This amounts to a triple dose of good news for investors: 1) the economy is definitely improving, 2) short-term interest rates are going to rise to more attractive and reasonable levels within the foreseeable future, and 3) all of this should serve to boost optimism and reduce uncertainty about the economy's prospects.
Here are some charts updated for recent announcements that are also germane to investors' decisions going forward.
The outlook for commercial real estate looks solid, as I noted earlier this week, and the July housing starts and recent survey of builder sentiment (see graph above) released today point to continued improvement—albeit relatively modest—in the residential market.
Architectural billings in July suggest that the outlook for commercial construction activity is positive and improving.
Nominal GDP has been growing at about a 4% pace for most of the past four years, yet the Fed has kept short-term rates extremely low. This is unsustainable. The sooner the Fed gets short-term rates back to levels consistent with 4% nominal GDP growth, the better. As the chart demonstrates, there is no reason to think that higher interest rates are detrimental to growth. Higher interest rates are instead a logical consequence of growth.
The CPI has increased at about a 2.3% annualized pace for more than 10 years. At this rate, prices increase by over 25% every decade. That's not insignificant, and it's not even close to deflation. It's not healthy either. In fact, it transfers hundreds of billions of dollars from the private sector to the federal government every year. How? The interest rate on cash, savings deposits, T-bills, bank reserves, and other short-term instruments is about 2% lower than the inflation rate. That means that holders of cash and short-term securities are losing 2% of their purchasing power every year, and the federal government and the Fed (which transfers any and all profits on its balance sheet holdings to the Treasury) are the direct beneficiaries.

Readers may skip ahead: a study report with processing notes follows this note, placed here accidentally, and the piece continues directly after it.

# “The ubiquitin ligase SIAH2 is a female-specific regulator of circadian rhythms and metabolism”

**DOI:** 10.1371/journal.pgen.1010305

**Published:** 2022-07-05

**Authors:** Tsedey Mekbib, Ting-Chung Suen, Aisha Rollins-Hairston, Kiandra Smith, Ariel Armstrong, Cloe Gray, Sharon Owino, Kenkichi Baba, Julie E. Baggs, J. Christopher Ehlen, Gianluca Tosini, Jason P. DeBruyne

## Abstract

It makes little or no sense for the Fed to continue to keep real short-term interest rates in deeply negative territory. It's potentially quite destabilizing, since it encourages excessive borrowing and leveraging and speculative activity. Eventually it could become a potent source of higher inflation, since negative real interest rates undermine the demand for money at a time when the Fed is still eager to supply it, and that is the classic prescription for an inflationary environment.
Over the past six months, both the total and the core version of the CPI have accelerated: consumer price inflation now is running somewhere between 2 and 2.5%. With short-term interest rates pegged at 0.25% or lower, real short-term interest rates are about -2% or worse. There are at least $10 trillion of short-term deposits and securities paying negative real interest rates, which amounts to a wealth transfer of $200 billion or more from the private to the public sector. This weakens the private sector—the source of most of the economy's strength—and strengthens the public sector, which is the sector with the highest propensity to squander scarce resources. It's a prescription for chronic economic weakness. It once made sense given the public's tremendous risk-averseness and the world's huge appetite for money, but with every day that brings news of an improving economy, it makes less and less sense.
Short-term interest rates are still quite low relative to current inflation trends. Holders of 5-yr Treasuries are losing purchasing power at the rate of about 0.5% per year. With inflation at 2%, 5-yr Treasury yields should be closer to 3%, or about double their current level.
Fortunately, it doesn't look like risk markets have become overvalued—yet. But the Fed could well find itself with this problem before too long. For now, credit spreads (see graph above) are not abnormally low, and PE ratios are only modestly above average (see graphs below). But if borrowing costs remain in negative territory—thus encouraging borrowing and leverage—the prices of risk assets could experience significant upside potential that at some point could become vulnerable to a crash. We're not there yet by any stretch, but that is what we need to watch out for.
The first of the above two graphs shows the conventional measure of PE ratios: equity prices divided by 12-mo. trailing earnings. The second uses the Shiller CAPE method: equity prices divided by a 10-yr moving average of earnings. (For a more detailed discussion of equity valuations, see this post from one year ago. Equities are less attractive today than they were then, but valuations do not appear to be stretched or unreasonable, given the exceptionally strong performance of corporate profits since 2009.) PE ratios by both measures are only modestly above their long-term averages.